On the eve of the House delivering impeachment articles to the Senate, explosive new evidence surfaced that links President Donald Trump’s lawyer Rudy Giuliani to an apparent effort to track the physical movements of a female U.S. ambassador including texts by one man who refers to the “bitch” who should be fired and inquires cryptically about people inside Ukraine willing to help for “a price.”
While Giuliani does not appear to be directly involved in the alleged surveillance, his connections to the men involved raise serious questions about whether his efforts in Ukraine put a high-ranking American official at risk.
The evidence also could put fresh pressure on senators to demand new witnesses – possibly even Giuliani himself -- in the upcoming Senate impeachment trial despite objections by Republican Majority Leader Mitch McConnell, who favors a swift acquittal for Trump.
If called to testify, Giuliani would likely be questioned about his conversations with Trump -- what the president knew and when -- and the extent to which he kept other top aides like Secretary of State Mike Pompeo in the loop.
Giuliani has previously said he would testify in the Senate trial and that he would like to try the case himself. But when asked about that possibility on Wednesday, Giuliani suggested he wouldn't have much to say because he is the president's lawyer.
“I am bound by attorney client privilege so it’s not just my decision," Giuliani told ABC News.
At issue is new evidence released Tuesday and Wednesday by the House Intelligence Committee that was provided by Lev Parnas, a Ukrainian American businessman and associate of Giuliani’s who has been arrested on campaign finance violations.
According to notes scratched out by Parnas on stationary from the Ritz Carlton in Vienna, Parnas was on board with Giuliani’s efforts to try to get Ukraine President Volodymyr Zelenskiy to announce an investigation involving former Vice President Joe Biden.
He also was working to try to oust Marie Yovanovitch, the top U.S. diplomat in Ukraine.
While the new evidence does not name Yovanovitch, the ambassador has testified that she was aware Parnas was trying to force her ouster, possibly so he could work with individuals the U.S. State Department regarded as corrupt.
In one particularly disturbing text exchange from March 2019 – one month before Yovanovitch said she was recalled from her post due to security concerns -- a Connecticut man and Trump donor named Robert F. Hyde texted Parnas: “Wow. Can’t believe Trump hasn’t fired that bitch. I’ll get right in that.”
Both Parnas and Hyde have dismissed the text exchange as not serious. In an interview with MSNBC's "The Rachel Maddow Show," Parnas accused Hyde of being "drunk all the time." Hyde said in a tweet this week that he was never in Kyiv and that he and Parnas "were playing" while "we had a few drinks."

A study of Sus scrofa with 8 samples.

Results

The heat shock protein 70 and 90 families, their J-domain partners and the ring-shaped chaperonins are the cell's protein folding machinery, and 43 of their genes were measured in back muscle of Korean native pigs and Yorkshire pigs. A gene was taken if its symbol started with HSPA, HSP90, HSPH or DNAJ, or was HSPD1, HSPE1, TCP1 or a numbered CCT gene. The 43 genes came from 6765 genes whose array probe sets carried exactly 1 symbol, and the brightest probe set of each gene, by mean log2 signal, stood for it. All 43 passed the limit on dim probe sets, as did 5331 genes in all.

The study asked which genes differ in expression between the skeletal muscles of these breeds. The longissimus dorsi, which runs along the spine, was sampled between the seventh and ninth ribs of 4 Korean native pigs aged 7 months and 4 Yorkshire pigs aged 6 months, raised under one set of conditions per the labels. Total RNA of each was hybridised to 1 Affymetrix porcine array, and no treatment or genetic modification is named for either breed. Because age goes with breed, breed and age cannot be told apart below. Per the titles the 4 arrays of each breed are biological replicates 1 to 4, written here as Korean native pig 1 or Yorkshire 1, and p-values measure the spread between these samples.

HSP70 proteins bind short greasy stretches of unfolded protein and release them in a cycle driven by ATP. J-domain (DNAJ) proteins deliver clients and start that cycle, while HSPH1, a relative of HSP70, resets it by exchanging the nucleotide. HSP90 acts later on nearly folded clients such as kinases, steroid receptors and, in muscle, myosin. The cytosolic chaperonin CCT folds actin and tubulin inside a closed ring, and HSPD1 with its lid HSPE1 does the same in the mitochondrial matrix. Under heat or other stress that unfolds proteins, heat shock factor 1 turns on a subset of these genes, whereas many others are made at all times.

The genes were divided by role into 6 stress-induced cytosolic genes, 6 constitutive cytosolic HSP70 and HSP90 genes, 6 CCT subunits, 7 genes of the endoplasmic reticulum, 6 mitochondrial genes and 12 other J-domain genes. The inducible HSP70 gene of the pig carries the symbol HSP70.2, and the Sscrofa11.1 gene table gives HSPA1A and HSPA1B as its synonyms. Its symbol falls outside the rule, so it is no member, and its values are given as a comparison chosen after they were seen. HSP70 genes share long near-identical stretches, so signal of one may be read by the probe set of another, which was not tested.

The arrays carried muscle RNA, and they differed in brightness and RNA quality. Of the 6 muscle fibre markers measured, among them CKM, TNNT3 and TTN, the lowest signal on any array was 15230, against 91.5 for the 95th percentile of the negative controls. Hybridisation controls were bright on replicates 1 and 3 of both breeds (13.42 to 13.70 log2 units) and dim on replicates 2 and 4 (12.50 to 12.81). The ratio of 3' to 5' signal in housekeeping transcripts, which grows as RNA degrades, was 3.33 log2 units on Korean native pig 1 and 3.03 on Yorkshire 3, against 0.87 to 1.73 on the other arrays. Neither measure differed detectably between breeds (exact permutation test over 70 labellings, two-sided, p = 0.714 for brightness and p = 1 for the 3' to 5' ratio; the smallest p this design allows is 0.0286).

“The guys over they asked me what I would like to do and what is in it for them,” Hyde said on March 25, later adding details like “her phone is off” and that she is “next to the embassy” with “privacy security.”
“They are willing to help if we/you would like a price,” Hyde writes. “Guess you can do anything in the Ukraine with money … what I was told.”
Parnas responds: “Lol.”
The next day, Hyde provides an update and asks: “If you want her out they need to make contact with security forces.”
Parnas eventually responds that he will call him.
Reached by ABC News, Hyde decline to comment on the messages. But when asked if he was offering to harm the ambassador, he said “absolutely not.”
Larry Robbins, a lawyer for Yovanovitch, called the allegations "disturbing" in a statement and that the ambassador hopes the “appropriate authorities” will investigate. Ukrainian officials have said they are investigating.
Several witnesses have testified that the president ordered a hold on $400 million in security assistance to Ukraine, despite clearance from the Pentagon and State Department. And when asked about U.S. aid in general on a July phone call, Trump asked Ukraine’s president for a “favor” and called for an investigation into Biden.
Still unclear though is whether Trump directed his top aides to continue withholding the aid – money needed to fend off Russian aggression at Ukraine’s borders – until it announced the probe naming Biden.
The White House has said Parnas isn't a credible witness and shouldn't be taken seriously. His media interviews though beg the question of whether the Senate should demand more evidence to understand what happened, before making the fateful decision of whether to remove the president from office.
Parnas said there was no doubt the president and his top aides orchestrated the pressure campaign to extract a political favor.
"President Trump knew exactly what was going on" with his activities in Ukraine, Parnas told MSNBC's Maddow.
ABC News' Katherine Faulders contributed to this report.